A media enthusiast, Devyani believes in learning on the job and there is nothing off limits when it comes to work. Writing is her passion and she is always ready for a debate as well.
After a nationwide lockdown that was declared on 24th March, with regard to the novel coronavirus COVID-19 outbreak in the country, Prime Minister Narendra Modi via twitter announced the construction of a new public charitable trust, Prime Minister's Citizen Assistance and Relief in Emergency Situations Fund (PM CARES Fund).
The Centre and several State governments announced relief packages to those who are affected by the lockdown, such as a 1.7 lakh crore relief package for the poor 'aiming at providing a safety net for those hit the hardest.'
"People are contributing to their level best but it is equally important for the government to lay down all the different avenues or the programs through which this fund is going to be spent and maintain clear transparency," says Prof. Biswajit Dhar, Jawaharlal Nehru University while talking to The Logical Indian.
Worry still accelerates as the government has still not announced a full-fledged package to address different problems arising from this pandemic. The scheme/package was announced for people at the bottom of the ladder, but the government needs to do much more than that and that kind of announcement is still awaited.
If we see the problems faced by different sections of the society today and how does one address this, there is no clear guideline from the government. For instance, some state governments have announced some subsidised rations/packages, but the issue that pertains here is when the workers from these informal sectors don't even have enough money in hand to buy that subsidized ration, how does the government ensure that it reaches to the intended beneficiaries?
Initially the government announced that the payment will be made through Pradhan Mantri Jan-Dhan account, but issue that sticks with it is that most of the intended beneficiaries are now on road and so even if money comes in, how are they going to access those accounts, if someone is registered in a different region - that's a big question mark! Simply assuming that many of them have bank accounts and the direct benefits initiated by the government are reaching them would not suffice, as they are currently footloose.
The government itself seems to be in a quandary, as to how to make sure these problems associated with the outbreak can be resolved and met along with the outbreak itself. But one thing is for sure, that they need to be addressed immediately.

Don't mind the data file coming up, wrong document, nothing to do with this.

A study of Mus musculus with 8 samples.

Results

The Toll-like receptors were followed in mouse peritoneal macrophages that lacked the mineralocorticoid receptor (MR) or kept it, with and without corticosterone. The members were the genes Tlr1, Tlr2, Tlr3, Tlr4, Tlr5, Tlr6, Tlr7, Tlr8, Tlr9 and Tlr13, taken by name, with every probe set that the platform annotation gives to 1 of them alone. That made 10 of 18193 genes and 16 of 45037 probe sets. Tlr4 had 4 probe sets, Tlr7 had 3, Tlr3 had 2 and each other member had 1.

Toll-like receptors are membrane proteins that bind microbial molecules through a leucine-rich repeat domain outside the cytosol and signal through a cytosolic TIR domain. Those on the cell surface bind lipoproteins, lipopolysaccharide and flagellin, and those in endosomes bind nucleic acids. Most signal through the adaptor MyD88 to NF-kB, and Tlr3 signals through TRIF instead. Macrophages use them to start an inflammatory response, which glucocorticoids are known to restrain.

If we consider the present resource position of the government today, we will realise it's in a dire state. The resources with the government, such as revenue loss due to GST, along with the problem of the economy slowing down. The tax revenue projected in the '19 budget by the government was nowhere near to the evaluated budget amount. Plus, there was a huge disinvestment program carried out by the government, which was unsuccessful as the market was not in a position for it to take place. So, today the situation is that despite the funds through any of the domestic and international means, there really isn't the 'luxury' of resources.
Another thing that we might be going through is a 'demand slump.' An instance that can be taken is that of the government's significant deduction of corporate taxes, because of which almost about ₹20,000 crores was foregone by the government. Logic behind this was if they give the tax breaks, corporations would then come and invest and get the economy back on track which didn't happen. No one is buying things and that automatically leads to corporations not investing in any new planting missionaries, that could have contributed to the much needed resources during this pandemic. The government lost a lot of resources and corporations did not invest.
The questions and issues raised along does not, in any circumstance, intend to be cynical of the above made contributions but construes as questioning the good intentions of the government as the recovery from this pandemic is a national initiative.
In terms of magnitude, if we consider the first round of spending, i.e, ₹1.7 lakh crores (a bit of which was already budgeted), along with to-be-the estimated amount collected through the 'PM CARES' fund, it is for sure far less compared to what the government actually needs.
In the days ahead, the government should lay down all the schemes and measures it wants to take to address the concerns of the people in distress. It won't be just people directly affected by COVID-19, but the victims of all the disruption that has taken place due to this pandemic. More resources need to be garnered along with a proper rescue package that needs to be put out in order for the economy to recover from this crisis.